Koalas have unique fingerprints like humans. In fact, in some instances stolen property was traced back to a specific mischievous koala. I’m not sure if the koala was represented properly in court, but the thing about fingerprints at a crime scene is that it’s not as upfront as it may seem. You only get partial prints, or perhaps the person was there but didn’t commit the crime. DNA at a scene of crime can be planted purposefully. In the case of the koala, I don’t think anyone nefariously decided to frame the beast. However, it is a thing of importance to remember that responsibility for our actions is primarily our own choice.
The funny thing about humans is our bias. We overestimate our abilities in forseeing an event in hindsight, we compare ourselves to those who are slightly worse than us. We even convince ourselves we are skilled at certain tasks by twisting the definition of “skill”. Maybe Sally doesn’t make the best tasting food, but she makes food in a systematic way that keeps her kitchen more “put-together” looking. Taylor has food everywhere and is a mess, but the outcome is delicious. In both Taylor and Sally’s minds, they are both “good” cooks, but they define it in the way that works out best for themselves. (Gilovich, 2011)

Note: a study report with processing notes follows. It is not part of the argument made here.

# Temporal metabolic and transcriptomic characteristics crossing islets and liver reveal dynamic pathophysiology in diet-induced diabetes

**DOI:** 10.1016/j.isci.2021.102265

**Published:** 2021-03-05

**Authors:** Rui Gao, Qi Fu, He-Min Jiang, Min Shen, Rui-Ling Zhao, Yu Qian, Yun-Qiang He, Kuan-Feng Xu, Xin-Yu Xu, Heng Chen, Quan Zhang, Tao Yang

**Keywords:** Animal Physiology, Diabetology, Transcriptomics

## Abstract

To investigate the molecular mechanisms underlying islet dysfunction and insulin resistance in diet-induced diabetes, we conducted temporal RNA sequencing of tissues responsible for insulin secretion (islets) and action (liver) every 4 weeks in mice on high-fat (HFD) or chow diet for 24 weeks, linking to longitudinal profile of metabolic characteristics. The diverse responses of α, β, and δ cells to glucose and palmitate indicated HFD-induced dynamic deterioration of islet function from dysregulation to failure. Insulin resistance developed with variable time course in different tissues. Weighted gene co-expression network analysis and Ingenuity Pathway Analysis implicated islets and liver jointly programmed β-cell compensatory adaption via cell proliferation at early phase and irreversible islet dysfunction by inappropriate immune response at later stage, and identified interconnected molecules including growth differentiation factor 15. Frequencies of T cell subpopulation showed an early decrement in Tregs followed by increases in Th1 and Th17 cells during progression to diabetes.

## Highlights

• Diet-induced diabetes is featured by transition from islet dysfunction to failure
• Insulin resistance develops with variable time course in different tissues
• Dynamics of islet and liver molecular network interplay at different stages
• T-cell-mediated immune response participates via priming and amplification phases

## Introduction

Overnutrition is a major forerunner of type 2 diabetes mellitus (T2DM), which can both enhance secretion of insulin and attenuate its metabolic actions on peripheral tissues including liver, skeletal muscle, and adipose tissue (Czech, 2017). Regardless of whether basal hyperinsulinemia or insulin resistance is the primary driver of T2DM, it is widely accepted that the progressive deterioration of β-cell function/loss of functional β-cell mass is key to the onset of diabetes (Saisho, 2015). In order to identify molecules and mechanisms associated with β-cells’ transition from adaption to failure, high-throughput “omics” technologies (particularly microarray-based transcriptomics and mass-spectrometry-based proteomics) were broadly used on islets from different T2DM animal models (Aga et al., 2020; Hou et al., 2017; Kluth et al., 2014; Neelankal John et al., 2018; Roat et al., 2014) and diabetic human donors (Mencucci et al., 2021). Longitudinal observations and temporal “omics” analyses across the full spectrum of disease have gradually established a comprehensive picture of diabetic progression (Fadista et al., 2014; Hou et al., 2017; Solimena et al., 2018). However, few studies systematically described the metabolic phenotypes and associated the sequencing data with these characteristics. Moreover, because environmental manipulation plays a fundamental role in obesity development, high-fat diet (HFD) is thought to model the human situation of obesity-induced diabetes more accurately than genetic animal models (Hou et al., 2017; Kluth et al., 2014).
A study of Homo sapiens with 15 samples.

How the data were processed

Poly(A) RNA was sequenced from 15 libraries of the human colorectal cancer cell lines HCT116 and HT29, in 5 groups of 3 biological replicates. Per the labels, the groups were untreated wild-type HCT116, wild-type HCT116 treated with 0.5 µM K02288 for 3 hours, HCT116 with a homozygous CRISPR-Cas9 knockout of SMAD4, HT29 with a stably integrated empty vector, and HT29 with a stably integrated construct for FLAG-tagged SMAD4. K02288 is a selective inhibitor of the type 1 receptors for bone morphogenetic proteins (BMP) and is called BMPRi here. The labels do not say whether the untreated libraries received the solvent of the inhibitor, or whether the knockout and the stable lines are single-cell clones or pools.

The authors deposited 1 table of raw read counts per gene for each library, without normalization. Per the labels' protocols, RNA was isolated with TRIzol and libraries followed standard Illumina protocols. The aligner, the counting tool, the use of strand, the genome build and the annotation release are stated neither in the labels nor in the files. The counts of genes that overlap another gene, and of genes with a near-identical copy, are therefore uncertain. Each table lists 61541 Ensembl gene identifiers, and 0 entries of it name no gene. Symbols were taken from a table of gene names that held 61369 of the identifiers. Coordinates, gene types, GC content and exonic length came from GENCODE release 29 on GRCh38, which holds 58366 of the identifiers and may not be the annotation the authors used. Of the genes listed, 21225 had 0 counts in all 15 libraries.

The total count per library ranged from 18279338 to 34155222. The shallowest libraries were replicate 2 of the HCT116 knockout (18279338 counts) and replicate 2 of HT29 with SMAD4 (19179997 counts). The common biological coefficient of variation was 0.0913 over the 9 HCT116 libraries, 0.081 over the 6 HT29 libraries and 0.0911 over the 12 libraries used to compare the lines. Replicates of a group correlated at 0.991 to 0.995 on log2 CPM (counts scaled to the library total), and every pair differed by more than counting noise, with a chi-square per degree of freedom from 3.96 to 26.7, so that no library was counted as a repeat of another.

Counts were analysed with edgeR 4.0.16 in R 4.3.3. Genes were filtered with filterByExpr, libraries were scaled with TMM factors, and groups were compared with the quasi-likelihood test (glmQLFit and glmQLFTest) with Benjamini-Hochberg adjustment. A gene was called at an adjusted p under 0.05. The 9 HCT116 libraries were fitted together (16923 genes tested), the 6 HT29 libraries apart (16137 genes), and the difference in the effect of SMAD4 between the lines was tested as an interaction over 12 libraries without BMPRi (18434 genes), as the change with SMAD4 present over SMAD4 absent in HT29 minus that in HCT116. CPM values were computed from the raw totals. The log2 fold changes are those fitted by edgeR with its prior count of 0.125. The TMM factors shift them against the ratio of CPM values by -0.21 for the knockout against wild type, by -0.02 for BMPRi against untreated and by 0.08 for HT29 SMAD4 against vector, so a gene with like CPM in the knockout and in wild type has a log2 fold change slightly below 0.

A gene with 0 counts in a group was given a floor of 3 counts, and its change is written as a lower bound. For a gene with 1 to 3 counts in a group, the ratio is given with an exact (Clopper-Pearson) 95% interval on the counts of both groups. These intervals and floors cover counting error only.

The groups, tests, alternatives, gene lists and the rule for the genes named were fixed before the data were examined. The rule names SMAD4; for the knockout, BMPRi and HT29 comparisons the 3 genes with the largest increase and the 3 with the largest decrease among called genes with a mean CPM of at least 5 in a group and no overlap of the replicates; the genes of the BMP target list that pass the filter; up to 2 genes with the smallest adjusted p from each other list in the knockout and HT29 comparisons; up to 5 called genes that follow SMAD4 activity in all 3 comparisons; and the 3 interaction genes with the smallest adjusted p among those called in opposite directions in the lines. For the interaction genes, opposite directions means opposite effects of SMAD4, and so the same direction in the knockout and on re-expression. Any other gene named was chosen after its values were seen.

That being said, humans hate taking responsibility for when we mess up. It’s not pleasurable in any manner. With only bits of information, we can convince ourselves it was someone else’s fault. However, that only hurts us in the long term. By being honest and saying , “I messed up”, we get to move on. We get to grow and become better people. It’s up to us, whether we want to go after who we want to be.
- Gilovich, T., Keltner, D., & Nisbett, R. E. (2011). Social psychology. New York: W.W. Norton & Co.